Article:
I have a Windrider 17, you know, like Ryan’s. Mine came white, didn’t turn white like his did. Its plastic hull is indestructible (I hope). As a trimaran, it makes a nice platform for cruising, camping, and endless modifications. These beauties are a breeze to sail (see what I did there?) because you have the option to steer “hands free” with foot pedals controlling the rudder. This means that if a snotty Hobie sailor screams past you, you can salute him or her with a beer in one hand and a sandwich in the other.
So, picture this. It’s 2006, you’re about to turn 50, and you’re driving the wife and children from the Outer Banks to Norfolk, VA, through the driving rains of tropical storm Ernesto. You had to give up sailboarding because of the pounding on your knees, briefly owned a Catalina 22, but mostly sailed OPB’s (other people’s boats). As you are slowing down to a crawl on the highway with the wipers hopelessly overwhelmed, your mind drifts back to the sailboat you just rented, and fell in love with, in the Outer Banks. “Honey, we should get one of those boats.” You form the statement like a question, fully expecting the logical, practical response which includes the many, many valid reasons against boat ownership. Just then you pass into the eye of the storm: the wind dies, shafts of sunlight coalesce through the thinning clouds until, for a few brief moments, all is sunshine and calm. “Yes, dear, I think we should.” And with that, she was off the hook for my 50th birthday present. Since then I have been the proud owner of a Windrider 17. Subsequently there have been a few seminal events related to my dinghy adventure aspirations:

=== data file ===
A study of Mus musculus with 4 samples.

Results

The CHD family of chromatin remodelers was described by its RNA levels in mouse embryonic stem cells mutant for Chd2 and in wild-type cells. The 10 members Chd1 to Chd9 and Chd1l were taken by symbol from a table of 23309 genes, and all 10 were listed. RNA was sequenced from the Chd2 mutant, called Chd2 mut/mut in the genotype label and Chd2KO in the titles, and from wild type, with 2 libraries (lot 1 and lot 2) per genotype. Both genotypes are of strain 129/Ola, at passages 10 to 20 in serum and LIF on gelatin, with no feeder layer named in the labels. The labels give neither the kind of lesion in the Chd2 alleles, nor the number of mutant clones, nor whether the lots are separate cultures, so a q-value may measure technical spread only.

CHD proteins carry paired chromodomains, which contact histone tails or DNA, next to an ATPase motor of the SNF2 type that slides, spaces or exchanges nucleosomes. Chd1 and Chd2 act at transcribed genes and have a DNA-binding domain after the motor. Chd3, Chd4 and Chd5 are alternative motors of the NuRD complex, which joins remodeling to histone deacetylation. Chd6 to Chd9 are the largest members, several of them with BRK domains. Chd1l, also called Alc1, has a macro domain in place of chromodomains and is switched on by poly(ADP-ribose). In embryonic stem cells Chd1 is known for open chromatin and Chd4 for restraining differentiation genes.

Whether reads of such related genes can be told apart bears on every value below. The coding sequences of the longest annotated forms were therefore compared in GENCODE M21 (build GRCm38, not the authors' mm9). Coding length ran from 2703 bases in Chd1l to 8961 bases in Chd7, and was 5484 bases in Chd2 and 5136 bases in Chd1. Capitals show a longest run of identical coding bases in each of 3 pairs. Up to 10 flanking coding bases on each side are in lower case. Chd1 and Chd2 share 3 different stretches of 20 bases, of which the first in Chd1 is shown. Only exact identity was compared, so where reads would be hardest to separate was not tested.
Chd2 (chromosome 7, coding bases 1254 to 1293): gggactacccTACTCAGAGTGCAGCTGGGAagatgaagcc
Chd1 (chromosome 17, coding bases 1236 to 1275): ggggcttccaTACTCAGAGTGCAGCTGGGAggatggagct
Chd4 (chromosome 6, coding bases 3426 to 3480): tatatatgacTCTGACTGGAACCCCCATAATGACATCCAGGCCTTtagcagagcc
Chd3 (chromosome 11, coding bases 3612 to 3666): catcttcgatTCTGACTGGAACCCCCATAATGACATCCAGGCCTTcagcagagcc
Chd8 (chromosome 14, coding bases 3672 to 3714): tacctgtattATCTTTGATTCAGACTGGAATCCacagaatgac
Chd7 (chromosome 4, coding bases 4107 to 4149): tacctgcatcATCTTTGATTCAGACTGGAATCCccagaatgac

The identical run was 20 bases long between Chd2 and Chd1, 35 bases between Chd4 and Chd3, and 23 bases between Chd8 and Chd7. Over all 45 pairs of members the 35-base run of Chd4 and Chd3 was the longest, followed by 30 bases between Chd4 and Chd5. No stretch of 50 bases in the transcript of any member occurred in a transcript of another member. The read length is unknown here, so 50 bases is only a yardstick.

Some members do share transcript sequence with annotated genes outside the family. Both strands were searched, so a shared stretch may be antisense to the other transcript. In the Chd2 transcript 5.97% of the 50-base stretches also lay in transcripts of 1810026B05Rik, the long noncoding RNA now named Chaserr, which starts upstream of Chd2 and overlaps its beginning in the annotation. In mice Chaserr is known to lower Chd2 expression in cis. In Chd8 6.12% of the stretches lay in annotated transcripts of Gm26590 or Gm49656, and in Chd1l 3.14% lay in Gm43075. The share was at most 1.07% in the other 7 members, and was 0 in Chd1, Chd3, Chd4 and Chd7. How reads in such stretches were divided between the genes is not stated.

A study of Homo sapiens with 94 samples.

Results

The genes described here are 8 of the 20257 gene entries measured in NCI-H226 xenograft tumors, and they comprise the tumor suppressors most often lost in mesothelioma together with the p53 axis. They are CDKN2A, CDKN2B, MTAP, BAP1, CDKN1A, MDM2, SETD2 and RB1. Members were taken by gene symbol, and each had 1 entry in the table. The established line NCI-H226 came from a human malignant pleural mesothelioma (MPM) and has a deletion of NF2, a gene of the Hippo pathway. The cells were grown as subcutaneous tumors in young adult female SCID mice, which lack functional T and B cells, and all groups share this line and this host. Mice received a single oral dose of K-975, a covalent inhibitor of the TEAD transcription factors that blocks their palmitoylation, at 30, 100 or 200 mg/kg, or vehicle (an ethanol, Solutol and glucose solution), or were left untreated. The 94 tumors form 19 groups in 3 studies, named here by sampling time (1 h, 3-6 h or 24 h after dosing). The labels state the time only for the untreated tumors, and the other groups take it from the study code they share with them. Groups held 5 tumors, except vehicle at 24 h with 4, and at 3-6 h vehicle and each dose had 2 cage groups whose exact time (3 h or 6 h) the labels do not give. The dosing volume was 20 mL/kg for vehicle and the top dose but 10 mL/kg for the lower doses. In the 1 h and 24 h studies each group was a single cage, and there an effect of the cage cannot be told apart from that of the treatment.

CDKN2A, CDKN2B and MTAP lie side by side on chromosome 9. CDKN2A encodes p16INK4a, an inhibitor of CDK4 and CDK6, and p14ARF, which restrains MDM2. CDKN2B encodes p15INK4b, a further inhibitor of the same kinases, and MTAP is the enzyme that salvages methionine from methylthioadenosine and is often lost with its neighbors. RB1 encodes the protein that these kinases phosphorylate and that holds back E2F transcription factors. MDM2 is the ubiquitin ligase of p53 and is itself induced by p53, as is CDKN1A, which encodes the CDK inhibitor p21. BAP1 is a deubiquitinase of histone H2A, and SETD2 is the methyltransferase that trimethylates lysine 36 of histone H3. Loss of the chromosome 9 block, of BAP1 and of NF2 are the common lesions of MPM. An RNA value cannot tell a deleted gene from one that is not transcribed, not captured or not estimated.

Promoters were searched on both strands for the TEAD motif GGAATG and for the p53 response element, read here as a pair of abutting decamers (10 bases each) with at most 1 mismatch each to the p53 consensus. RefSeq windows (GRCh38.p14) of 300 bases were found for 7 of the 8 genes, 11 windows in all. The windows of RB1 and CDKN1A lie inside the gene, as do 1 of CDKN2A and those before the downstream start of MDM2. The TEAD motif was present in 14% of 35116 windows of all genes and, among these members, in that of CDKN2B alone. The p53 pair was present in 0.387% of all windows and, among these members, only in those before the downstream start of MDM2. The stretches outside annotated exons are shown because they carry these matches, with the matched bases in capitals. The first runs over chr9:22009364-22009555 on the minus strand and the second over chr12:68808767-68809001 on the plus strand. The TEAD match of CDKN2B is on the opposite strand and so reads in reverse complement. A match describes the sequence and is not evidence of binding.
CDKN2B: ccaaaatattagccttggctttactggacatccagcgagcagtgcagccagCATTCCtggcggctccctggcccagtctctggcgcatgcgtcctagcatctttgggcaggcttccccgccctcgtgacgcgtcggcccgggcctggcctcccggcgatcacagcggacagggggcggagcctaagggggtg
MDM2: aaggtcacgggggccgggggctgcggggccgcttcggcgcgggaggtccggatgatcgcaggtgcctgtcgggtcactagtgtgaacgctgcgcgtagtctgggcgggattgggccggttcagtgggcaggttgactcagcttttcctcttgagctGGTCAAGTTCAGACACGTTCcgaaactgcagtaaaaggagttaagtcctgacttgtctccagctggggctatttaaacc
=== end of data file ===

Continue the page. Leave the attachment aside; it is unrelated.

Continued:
- I was captivated by The Dinghy Cruising Companion by Roger Barnes.
- Ryan Wegwitz, despite disparaging the Windrider’s (non) pointing abilities, completed the Race to Alaska in that very boat. (I hope we can chat sometime, Ryan.)
- I got the last kid through college, and could retire, thus freeing up time for Boat Love. I am hoping to get to meet you all on the water.